Municipal advisors


On December 22, 2010, the Securities and Exchange Commission (SEC) approved the MSRB’s proposed rule change[1] on fair dealing and disciplinary actions.[2] The rule change consists of amendments to MSRB Rule G-17, the MSRB’s basic fair practice rule, and MSRB Rule G-5, on disciplinary actions by appropriate regulatory agencies, to apply the rules to municipal advisors.

As a result of the rule change, Rule G-17 now requires that, in the conduct of their municipal advisory activities,[3] municipal advisors must deal fairly with all persons and not engage in any deceptive, dishonest, or unfair practice, just as Rule G-17 governs the conduct of brokers, dealers, and municipal securities dealers (“dealers”) in their municipal securities activities. Frequently referred to as the MSRB’s “fair dealing” rule, Rule G-17 prescribes a code of conduct for all entities and associated persons regulated by the MSRB. Not only must they not engage in conduct that is deceptive, dishonest, or an unfair practice, but they also have an affirmative duty to deal fairly with all persons. The fair dealing principles of Rule G-17 are fundamental to all MSRB rulemaking.

The rule change also amended MSRB Rule G-5 to provide that municipal advisors and their associated persons may not engage in municipal advisory activities in contravention of restrictions imposed upon them by the SEC, just as dealers may not engage in municipal securities activities in contravention of restrictions imposed on them by the SEC, a registered securities association, or another appropriate regulatory agency.[4] Just as municipal advisors must register with the SEC before they may conduct municipal advisory activities, so too must they cease such activities if ordered to do so by the SEC.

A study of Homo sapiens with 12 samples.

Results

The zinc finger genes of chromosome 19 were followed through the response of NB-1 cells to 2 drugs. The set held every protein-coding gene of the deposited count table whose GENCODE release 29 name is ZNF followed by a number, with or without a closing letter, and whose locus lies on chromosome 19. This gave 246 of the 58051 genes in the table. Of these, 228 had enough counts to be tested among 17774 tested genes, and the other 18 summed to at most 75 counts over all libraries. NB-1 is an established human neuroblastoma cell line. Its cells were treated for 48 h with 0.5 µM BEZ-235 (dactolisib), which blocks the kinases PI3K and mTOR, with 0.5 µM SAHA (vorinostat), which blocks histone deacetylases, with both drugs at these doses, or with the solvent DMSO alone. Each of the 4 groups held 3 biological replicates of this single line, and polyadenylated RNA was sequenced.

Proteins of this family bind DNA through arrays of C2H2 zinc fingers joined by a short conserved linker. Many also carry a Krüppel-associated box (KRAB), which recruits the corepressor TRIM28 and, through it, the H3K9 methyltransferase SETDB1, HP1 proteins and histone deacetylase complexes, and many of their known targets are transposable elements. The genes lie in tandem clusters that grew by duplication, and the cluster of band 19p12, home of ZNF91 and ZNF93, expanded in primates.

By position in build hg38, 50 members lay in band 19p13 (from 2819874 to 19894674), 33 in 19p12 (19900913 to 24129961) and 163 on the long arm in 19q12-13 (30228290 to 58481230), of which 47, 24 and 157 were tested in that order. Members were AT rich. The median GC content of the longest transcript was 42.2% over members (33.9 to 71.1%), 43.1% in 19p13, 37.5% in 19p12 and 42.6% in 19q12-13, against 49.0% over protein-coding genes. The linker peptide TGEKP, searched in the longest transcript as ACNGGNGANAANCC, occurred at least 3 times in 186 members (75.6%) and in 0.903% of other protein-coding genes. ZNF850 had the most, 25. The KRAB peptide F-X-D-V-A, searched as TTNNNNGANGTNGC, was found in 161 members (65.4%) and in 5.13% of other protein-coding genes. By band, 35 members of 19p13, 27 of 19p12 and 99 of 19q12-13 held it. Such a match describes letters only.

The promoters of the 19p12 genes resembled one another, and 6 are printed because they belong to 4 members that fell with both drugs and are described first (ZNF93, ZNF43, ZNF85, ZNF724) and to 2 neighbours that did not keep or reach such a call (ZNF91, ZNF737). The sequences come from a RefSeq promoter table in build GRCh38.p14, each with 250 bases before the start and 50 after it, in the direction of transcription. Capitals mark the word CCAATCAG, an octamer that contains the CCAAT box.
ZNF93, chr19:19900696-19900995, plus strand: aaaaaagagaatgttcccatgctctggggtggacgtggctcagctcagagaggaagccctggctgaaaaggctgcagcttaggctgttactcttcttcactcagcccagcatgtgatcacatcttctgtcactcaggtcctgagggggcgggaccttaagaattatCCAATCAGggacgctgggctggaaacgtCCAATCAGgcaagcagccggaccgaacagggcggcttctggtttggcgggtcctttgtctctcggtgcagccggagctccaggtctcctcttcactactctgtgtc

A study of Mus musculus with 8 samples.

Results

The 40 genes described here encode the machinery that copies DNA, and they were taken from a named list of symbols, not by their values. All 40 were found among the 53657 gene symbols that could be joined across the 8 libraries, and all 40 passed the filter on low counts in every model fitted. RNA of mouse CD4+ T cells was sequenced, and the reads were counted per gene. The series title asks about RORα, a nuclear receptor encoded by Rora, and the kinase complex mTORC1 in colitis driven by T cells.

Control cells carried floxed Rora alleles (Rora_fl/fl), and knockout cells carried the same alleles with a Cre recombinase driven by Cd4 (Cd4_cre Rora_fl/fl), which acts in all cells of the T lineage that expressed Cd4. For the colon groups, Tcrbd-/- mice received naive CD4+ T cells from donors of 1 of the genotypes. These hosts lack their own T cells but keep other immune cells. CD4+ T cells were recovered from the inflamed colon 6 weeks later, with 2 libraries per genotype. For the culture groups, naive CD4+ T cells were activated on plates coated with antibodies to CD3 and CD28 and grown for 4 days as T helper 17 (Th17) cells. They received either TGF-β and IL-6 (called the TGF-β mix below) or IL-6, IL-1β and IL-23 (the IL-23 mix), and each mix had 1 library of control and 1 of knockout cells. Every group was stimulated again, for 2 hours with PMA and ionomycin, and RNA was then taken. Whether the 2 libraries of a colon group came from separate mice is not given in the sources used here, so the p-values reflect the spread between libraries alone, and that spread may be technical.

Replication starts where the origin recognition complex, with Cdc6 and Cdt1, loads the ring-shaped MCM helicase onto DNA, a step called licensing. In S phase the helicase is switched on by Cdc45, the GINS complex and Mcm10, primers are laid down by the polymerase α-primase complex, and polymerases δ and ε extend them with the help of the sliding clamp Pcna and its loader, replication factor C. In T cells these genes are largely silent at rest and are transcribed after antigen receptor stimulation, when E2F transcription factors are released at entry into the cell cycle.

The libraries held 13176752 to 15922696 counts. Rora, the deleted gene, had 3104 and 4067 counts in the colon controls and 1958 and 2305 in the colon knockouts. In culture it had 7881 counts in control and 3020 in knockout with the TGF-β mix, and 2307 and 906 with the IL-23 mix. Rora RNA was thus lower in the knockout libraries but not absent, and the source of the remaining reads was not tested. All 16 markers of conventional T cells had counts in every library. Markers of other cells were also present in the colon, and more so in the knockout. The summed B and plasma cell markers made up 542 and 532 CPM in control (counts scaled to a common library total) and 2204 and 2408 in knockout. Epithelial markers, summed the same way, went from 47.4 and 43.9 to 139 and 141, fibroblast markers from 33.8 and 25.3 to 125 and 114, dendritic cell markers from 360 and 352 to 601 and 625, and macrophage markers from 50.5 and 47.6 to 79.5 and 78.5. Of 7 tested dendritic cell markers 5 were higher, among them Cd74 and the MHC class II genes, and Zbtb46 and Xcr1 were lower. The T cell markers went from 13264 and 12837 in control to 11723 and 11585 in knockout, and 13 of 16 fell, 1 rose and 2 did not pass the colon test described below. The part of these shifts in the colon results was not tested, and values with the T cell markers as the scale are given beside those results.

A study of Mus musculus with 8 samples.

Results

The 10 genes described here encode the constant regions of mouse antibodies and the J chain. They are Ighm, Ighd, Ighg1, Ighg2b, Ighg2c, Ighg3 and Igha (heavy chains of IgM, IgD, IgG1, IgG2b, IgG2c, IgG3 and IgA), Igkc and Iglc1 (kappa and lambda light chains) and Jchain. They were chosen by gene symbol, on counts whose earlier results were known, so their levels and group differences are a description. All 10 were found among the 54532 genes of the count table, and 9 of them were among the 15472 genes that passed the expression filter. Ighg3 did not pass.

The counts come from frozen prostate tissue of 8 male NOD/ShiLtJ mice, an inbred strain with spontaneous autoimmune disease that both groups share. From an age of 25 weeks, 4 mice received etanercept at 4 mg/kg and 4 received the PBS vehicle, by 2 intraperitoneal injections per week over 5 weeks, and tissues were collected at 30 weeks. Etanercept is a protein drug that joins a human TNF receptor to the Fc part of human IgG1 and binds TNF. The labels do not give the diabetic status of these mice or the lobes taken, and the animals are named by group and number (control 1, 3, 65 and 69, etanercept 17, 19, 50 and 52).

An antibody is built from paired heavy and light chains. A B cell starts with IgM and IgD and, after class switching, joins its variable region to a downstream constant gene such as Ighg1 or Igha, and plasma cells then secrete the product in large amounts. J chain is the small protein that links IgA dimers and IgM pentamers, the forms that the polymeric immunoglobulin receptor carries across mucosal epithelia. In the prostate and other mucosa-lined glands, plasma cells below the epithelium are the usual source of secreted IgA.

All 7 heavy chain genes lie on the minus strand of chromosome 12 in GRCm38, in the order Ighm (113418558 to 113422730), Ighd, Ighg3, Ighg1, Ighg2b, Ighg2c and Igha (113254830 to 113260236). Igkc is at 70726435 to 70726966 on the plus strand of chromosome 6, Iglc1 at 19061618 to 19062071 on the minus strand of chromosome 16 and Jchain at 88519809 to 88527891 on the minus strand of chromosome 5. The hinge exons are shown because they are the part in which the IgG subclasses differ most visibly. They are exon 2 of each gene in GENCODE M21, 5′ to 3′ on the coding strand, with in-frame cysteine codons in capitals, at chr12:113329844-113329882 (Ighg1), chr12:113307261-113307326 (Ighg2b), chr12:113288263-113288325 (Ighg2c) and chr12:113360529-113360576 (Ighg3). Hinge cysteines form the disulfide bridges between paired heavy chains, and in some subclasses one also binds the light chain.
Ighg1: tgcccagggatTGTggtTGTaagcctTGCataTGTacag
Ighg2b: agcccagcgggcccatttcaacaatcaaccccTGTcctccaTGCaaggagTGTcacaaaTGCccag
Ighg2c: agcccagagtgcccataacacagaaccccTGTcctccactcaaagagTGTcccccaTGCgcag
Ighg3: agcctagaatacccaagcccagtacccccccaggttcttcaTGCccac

As the MSRB said in its rule filing:

The proposed rule change is necessary for the robust protection of investors against fraud. Many municipal advisors play a key role in the structuring of offerings of municipal securities and the preparation of offering documents used to market those securities to investors. In some cases, they advise on the appropriateness of derivatives entered into by municipal issuers, the effectiveness of which may have a substantial impact on the finances of those issuers. In other cases, they solicit public pension fund investment advisory business that, if not conducted according to the highest standards, may have a substantial effect on the finances of the state and local governments that control those funds. Investors, therefore, have a substantial interest in municipal advisors conducting their municipal advisory activities fairly, not engaging in fraudulent conduct, and not engaging in municipal advisory activities contrary to disciplinary actions imposed by the SEC.

Existing MSRB interpretive guidance under Rule G-17 does not apply to municipal advisors. However, the MSRB plans to issue guidance for municipal advisors on their obligations under Rule G-17 in the near future. That guidance will be published for review and comment prior to adoption.

Questions about the rule change may be directed to Peg Henry, Deputy General Counsel, at 703-797-6625.

MSRB proposes rules for municipal advisors

The Municipal Securities Rulemaking Board has filed with the Securities and Exchange Commission several proposed rule changes that extend certain core MSRB rules of conduct to municipal advisors, as well as proposed rule changes that, among other things, will permit municipal advisors to begin registering with the MSRB.

The MSRB has published a notice that describes the proposed rule changes and provides guidance to municipal advisors about the application of MSRB rules in connection with the transition to the new regulatory structure for municipal advisors.